OPINION: Nothing stopping GECOM from going ahead with declaration

GECOM Chair (ret’d) Justice Claudette Singh

The following is an opinion piece by Vishnu Bisram


The court unanimously ruled that challenges to the actions of GECOM can only be entertained in an election petition. The CCJ, and subsequently the High Court, had similarly ruled earlier this month.

With the appeal out of the way, nothing stops GECOM from going ahead after Emancipation Day and proceeding with the declaration.

In fact, the nation wants this matter to end quickly. People are fed-up and angry that the declaration got tied up in court. This matter has been going on for too long. Guyanese I conversed with in the diaspora and in Guyana say they are very frustrated over the lack of a declaration of the outcome of the elections. Interviewers I employed to query opinions of voters on the election impasse have also found a nation very frustrated. They praise the Chair’s patience and respect for the judicial process in not making a declaration while the matter was in court.

She has put up with the coalition’s shenanigans for too long. She has withstood attacks courageously. And that private criminal charge against her is an abuse of the court. It will not stand scrutiny. The Chair has done her job professionally.

With the CoA discharging the petition, the Chair now has an opportunity to address people’s frustrations by making the declaration. And Guyanese feel very confident she would proceed with a declaration notwithstanding the request for leave to appeal. Once a declaration is made, those who feel aggrieved can file an election petition to resolve any problems with the count and/or Recount.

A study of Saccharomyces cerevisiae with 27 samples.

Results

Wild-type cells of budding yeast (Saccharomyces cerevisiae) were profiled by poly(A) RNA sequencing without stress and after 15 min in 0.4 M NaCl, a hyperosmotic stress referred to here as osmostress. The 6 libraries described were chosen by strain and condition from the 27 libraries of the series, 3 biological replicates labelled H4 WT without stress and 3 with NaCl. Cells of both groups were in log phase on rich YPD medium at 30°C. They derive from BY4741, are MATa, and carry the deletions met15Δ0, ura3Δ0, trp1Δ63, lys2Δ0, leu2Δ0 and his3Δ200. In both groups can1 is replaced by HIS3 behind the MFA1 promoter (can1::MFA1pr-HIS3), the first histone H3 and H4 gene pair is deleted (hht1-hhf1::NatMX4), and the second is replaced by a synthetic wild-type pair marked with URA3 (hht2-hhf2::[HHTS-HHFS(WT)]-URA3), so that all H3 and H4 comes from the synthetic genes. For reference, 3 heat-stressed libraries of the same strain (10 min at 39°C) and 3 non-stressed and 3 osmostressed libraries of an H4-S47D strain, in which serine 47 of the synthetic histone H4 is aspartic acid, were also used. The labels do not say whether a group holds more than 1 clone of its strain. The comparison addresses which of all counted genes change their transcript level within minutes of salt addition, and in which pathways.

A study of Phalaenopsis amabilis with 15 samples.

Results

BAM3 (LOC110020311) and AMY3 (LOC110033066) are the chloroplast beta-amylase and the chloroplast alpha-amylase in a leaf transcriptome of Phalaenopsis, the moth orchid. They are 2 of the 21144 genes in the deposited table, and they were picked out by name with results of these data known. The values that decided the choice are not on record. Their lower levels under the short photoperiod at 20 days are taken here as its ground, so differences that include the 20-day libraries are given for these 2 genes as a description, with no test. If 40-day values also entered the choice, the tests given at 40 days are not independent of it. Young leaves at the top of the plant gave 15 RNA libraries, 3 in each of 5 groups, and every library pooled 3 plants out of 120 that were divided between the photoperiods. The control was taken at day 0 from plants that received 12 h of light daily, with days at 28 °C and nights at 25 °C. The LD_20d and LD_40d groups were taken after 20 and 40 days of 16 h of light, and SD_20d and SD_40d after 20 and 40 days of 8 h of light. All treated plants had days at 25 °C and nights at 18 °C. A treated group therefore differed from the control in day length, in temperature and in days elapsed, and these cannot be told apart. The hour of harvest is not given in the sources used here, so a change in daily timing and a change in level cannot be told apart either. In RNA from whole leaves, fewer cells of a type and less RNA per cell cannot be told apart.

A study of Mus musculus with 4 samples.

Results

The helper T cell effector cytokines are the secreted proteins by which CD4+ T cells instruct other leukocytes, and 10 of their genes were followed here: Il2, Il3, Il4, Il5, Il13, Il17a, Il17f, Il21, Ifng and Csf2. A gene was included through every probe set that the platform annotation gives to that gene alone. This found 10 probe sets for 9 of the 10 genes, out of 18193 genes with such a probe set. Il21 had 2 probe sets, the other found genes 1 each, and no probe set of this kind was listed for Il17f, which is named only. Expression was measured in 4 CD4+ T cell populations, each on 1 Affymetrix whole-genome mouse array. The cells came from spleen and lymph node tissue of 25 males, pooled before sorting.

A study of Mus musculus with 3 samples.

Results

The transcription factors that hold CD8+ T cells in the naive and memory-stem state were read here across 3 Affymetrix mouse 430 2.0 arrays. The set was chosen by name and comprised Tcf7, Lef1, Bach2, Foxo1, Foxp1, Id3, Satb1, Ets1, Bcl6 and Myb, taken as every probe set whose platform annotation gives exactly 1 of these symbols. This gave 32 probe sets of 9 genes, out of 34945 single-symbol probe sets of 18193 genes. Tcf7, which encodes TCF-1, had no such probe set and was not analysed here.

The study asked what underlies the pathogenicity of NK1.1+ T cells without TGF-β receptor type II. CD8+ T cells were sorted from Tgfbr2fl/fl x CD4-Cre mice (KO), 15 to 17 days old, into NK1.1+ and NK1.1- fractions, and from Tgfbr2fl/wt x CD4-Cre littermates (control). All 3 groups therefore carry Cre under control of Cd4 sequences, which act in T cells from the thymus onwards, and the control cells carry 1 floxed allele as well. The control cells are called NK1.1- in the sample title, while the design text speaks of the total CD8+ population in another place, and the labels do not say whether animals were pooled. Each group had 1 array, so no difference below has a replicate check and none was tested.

Lawyers point out that the CoA did not prevent a declaration. The Appeal is dismissed. No orders were handed by the court. In addition, in the latest CCJ ruling, she was instructed to go ahead and make the declaration of the results using the Recount numbers.

The decision was definitive. That decision cannot be undone by the High Court or COA, or filing any case that would simply be considered as res judicata.

Any filing of a court matter to reverse the Recount Order or the CCJ ruling would fail. That filing would be considered as frivolous and vexatious. It would be an abuse of the judicial process.

In light of the above, the Chair can proceed to make the declaration. Since the GECOM CEO has refused to follow the directive of the Chair to report the final correct count, his action is insubordinate. That is legal ground for termination at any job, inclusive of being a Government-appointed officer. Lowenfield must be fired, and replaced by someone to make the declaration.

The unanimous ruling of the Court of Appeal is not surprising. The CoA has no jurisdiction on setting aside the Recount or on intervening with how GECOM handles the CEO. Any other ruling would have been another embarrassment, as the CCJ would have slapped it down.

But, as happened before, there is likely to be an appeal. As pointed out, there were some fourteen incarnations to stop or delay the declaration. An appeal would be another abuse of the process, and would only tie up the declaration.

It is not clear whether Justice Rish Persaud agreed to a stay, but he disappointed some who thought he meekly caved in to a stay that had no standing. If he didn’t, he should have objected as Justice Priya Sewnarine-Beharry did on the record. She gave a very strong judgment, backed by case studies. Kim Kyte-Thomas is also right to take a different position now on the declaration when another appeal is before the court.

People are in agreement with her that the work of GECOM cannot forever be hindered by the court. The saga and circus must come to an end, or else we will be the laughing stock of the world.

There is no coercive order from the court. The stay of the judgment, with no order, ends at 2pm on Friday. So the Chair can proceed expeditiously with the declaration, using someone other than Lowenfield, who is facing criminal charges, to prepare the results. The Chair will see her likeability and favourability ratings climb astronomically.